Continuing with a tradition begun in 2010 and continued in 2014, it's time (past time, really) for an ElectionWatch series of blog posts and articles offering insight and commentary on the 2018 U.S. congressional, senatorial, gubernatorial and state legislative elections. Although leap-year presidential elections are the "big shows" that generate increasingly huge amounts of political fundraising, campaigning, media attention and voter activity, I personally find the off-year elections a bit more interesting.
While millions of Republican, Democratic and independent voters regard presidential elections as the most consequential for our nation, the fact is that midterm elections are often just as influential, if not even more so, on the direction of our country. This is because our president, while head of the executive branch of government and director of national policy, is only one man, whereas the fifty state governors, ninety-nine state legislatures, one hundred senators, and 435 members of Congress do the lion's share of actual governing, thereby exerting tremendous influence on state and national policy by virtue of their offices and authority. Depending on the issue positions, agenda, and political affiliation of these lawmakers and executives, this influence is used either in support of or in opposition to the president's national policy goals. During the notoriously immoral and corrupt administration of President Barack Obama, for example, Republicans who took control of state legislatures, governorships, Congress, and the Senate provided an important check on the president's abuses of power by refusing to implement ObamaCare, suing the federal government over the unconstitutional HHS mandate, restricting abortion, protecting religious liberty, and enforcing immigration laws.
Yes, senators, members of Congress, governors, and state legislators are elected in presidential election years as well. However, the midterm elections provide a valuable barometer of national opinion across a wide range of issues, typically indicating voter support or lack thereof for the incumbent president and his agenda. In the historic 2002 midterms, Republicans expanded their majorities in both the House and the Senate due to voter approval of President George W. Bush's pro-life, economic and national security measures. As support for Bush's foreign policy waned, Democrats managed to narrowly take over Congress and pick up some state governorships in the 2006 election. The stunning Republican landslide victories of 2010 and 2014 were driven by massive public dissatisfaction with Barack Obama's abortion, healthcare, economic and tax policies.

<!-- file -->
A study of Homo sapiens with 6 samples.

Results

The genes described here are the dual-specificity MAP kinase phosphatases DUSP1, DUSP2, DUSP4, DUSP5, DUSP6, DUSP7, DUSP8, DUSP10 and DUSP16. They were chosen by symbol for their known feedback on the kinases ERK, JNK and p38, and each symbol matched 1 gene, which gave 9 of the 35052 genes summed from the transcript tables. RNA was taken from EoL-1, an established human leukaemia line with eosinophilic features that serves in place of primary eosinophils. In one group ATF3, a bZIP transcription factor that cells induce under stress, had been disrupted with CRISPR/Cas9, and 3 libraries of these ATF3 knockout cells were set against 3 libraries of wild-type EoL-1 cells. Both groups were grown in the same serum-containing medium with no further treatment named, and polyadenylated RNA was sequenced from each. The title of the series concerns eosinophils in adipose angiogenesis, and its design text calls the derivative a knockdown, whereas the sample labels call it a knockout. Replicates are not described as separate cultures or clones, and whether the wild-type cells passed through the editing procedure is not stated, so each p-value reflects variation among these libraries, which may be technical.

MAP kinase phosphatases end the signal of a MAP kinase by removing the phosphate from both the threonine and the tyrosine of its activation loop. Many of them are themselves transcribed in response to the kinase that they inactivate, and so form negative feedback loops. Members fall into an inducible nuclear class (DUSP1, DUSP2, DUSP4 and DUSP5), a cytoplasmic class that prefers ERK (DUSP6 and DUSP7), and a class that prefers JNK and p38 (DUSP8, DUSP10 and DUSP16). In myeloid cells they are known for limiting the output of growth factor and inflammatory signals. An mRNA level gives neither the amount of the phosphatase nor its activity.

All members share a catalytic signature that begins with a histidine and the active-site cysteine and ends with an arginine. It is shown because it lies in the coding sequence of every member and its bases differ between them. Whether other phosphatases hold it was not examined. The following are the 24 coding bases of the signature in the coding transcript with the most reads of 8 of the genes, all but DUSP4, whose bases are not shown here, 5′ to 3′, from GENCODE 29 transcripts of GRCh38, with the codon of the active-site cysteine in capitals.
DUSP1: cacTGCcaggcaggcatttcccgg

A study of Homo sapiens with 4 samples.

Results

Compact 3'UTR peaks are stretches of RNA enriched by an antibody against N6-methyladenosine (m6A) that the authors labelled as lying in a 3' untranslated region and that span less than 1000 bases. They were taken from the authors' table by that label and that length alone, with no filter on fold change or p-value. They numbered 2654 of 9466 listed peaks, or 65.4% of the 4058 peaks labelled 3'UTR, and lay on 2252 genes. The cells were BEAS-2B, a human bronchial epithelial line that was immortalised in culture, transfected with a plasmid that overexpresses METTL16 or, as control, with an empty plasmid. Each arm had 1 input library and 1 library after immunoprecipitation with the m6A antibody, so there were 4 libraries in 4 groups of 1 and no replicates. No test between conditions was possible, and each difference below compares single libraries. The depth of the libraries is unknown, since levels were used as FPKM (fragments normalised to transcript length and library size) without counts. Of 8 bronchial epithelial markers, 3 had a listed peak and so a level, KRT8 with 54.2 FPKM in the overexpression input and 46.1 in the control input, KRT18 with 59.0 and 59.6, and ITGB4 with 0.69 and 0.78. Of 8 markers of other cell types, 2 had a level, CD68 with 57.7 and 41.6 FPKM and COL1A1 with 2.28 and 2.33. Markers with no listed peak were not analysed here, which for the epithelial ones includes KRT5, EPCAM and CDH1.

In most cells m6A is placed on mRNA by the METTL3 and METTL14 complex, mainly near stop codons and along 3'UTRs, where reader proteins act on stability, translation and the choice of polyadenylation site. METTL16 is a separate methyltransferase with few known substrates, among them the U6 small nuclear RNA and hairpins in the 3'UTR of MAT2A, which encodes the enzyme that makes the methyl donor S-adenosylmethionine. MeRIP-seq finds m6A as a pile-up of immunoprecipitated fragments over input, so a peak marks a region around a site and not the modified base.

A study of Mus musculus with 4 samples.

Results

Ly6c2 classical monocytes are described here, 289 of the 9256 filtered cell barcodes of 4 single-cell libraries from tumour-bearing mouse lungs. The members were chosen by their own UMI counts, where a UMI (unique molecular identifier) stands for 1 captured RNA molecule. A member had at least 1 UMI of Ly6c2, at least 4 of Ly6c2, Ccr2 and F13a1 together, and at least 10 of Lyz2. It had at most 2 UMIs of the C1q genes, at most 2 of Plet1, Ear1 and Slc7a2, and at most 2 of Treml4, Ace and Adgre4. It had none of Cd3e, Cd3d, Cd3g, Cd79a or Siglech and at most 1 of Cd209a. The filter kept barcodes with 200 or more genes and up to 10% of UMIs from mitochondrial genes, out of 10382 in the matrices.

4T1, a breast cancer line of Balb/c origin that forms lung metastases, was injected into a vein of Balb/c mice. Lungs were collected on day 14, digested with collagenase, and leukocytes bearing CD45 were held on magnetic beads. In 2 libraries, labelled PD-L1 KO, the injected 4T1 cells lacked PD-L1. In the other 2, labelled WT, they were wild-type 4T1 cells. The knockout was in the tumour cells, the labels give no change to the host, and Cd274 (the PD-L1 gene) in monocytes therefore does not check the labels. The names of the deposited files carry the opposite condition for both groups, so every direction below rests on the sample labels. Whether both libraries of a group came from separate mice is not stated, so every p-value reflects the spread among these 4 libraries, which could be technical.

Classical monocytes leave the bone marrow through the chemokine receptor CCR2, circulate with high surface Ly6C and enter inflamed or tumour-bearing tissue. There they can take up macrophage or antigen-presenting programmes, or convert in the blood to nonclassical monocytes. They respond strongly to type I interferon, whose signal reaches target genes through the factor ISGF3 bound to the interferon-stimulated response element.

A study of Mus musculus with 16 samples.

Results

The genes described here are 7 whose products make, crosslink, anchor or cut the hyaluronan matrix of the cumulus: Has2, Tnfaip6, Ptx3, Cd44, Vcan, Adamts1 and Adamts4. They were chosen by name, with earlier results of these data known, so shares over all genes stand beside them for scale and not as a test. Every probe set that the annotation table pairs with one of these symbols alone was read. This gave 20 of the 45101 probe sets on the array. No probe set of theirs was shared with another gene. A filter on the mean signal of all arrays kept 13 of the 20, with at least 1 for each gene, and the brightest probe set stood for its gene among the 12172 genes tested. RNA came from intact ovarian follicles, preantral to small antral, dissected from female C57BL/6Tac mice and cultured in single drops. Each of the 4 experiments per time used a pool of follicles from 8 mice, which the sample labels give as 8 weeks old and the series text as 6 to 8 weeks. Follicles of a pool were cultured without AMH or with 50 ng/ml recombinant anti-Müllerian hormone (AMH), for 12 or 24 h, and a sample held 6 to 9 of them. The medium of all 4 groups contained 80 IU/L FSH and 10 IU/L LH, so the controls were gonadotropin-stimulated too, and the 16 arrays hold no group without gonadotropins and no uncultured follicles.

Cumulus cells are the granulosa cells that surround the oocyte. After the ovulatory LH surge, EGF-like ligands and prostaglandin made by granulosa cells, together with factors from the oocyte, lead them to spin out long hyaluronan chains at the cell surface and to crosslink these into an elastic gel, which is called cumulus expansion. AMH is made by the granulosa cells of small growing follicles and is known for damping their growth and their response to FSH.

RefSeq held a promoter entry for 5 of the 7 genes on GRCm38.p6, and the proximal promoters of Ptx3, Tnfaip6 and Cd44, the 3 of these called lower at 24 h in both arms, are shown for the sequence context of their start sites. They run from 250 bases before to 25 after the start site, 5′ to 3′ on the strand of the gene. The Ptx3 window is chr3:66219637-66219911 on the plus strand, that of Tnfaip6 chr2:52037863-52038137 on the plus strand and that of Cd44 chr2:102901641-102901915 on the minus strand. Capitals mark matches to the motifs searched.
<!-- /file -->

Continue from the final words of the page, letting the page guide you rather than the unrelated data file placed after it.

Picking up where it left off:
What will happen in 2018? Will Republicans keep and strengthen their majorities in the House and the Senate as in 2002? Will Democrats seize control as in 2006? Or will something entirely different happen? To answer these questions in a meaningful way, we must attempt to combine historical perspective with an objective evaluation of the current complex situation in the United States.
We live in a country that is more deeply divided than at any time since the Civil War. Party lines have become fault lines segregating people with radically different values, issue positions, interests and income levels from each other. Republicans have become the party of traditional Judeo-Christian values and support for President Donald Trump, and Democrats have become the party of radical secularism and outright hatred of President Trump. Yet many Americans feel that neither party truly represents their interests. Civil discourse, the art of expressing one's opinions and convictions in a compelling yet respectful manner; and bipartisanship, the art of working together for the common good based on common values, have all but vanished from Washington, replaced by vulgar personal attacks and legislative deadlock. Meanwhile, many Americans, myself included, applaud President Trump's performance on certain issues such as abortion, religious liberty, the HHS mandate, court appointments, taxes, the economy, and (partially) immigration and foreign policy while taking issue with his decisions on renewable energy, environmental protection, and (partially) immigration and foreign policy.
Although it has certain unique aspects pertaining to our own time, our current national crisis is far from unprecedented, and history teaches that such profound wounds of division will be reflected in the election results. That said, it's tricky to predict what will happen on Tuesday night. On the one hand, Democrats are spending a ton of money to try to take over Congress, with the secular media and certain national opinion polls biased in their favor. But on the other hand, the economy is doing pretty well, which helps the Republicans. The latest polling averages from Real Clear Politics show Democrats winning a narrow seven-seat majority in the House of Representatives and Republicans holding on to the Senate, but as we saw with Hillary Clinton in 2016, the polls can be inaccurate. To offer my best guess at this point, I don't think we'll see a repeat of 2002 or 2006. I think something entirely different will happen: Republicans will maintain majority control of both the House and the Senate, albeit by extremely narrow margins.
Regardless of what happens, much is at stake in this election. The Democrats have vowed to impeach President Trump and force their own radically secularist agenda on our nation, and they will certainly attempt to do this if they achieve even a one-seat majority in the House. We need to pray earnestly for our country's conversion and healing, vote our values and leave the results in God's hands.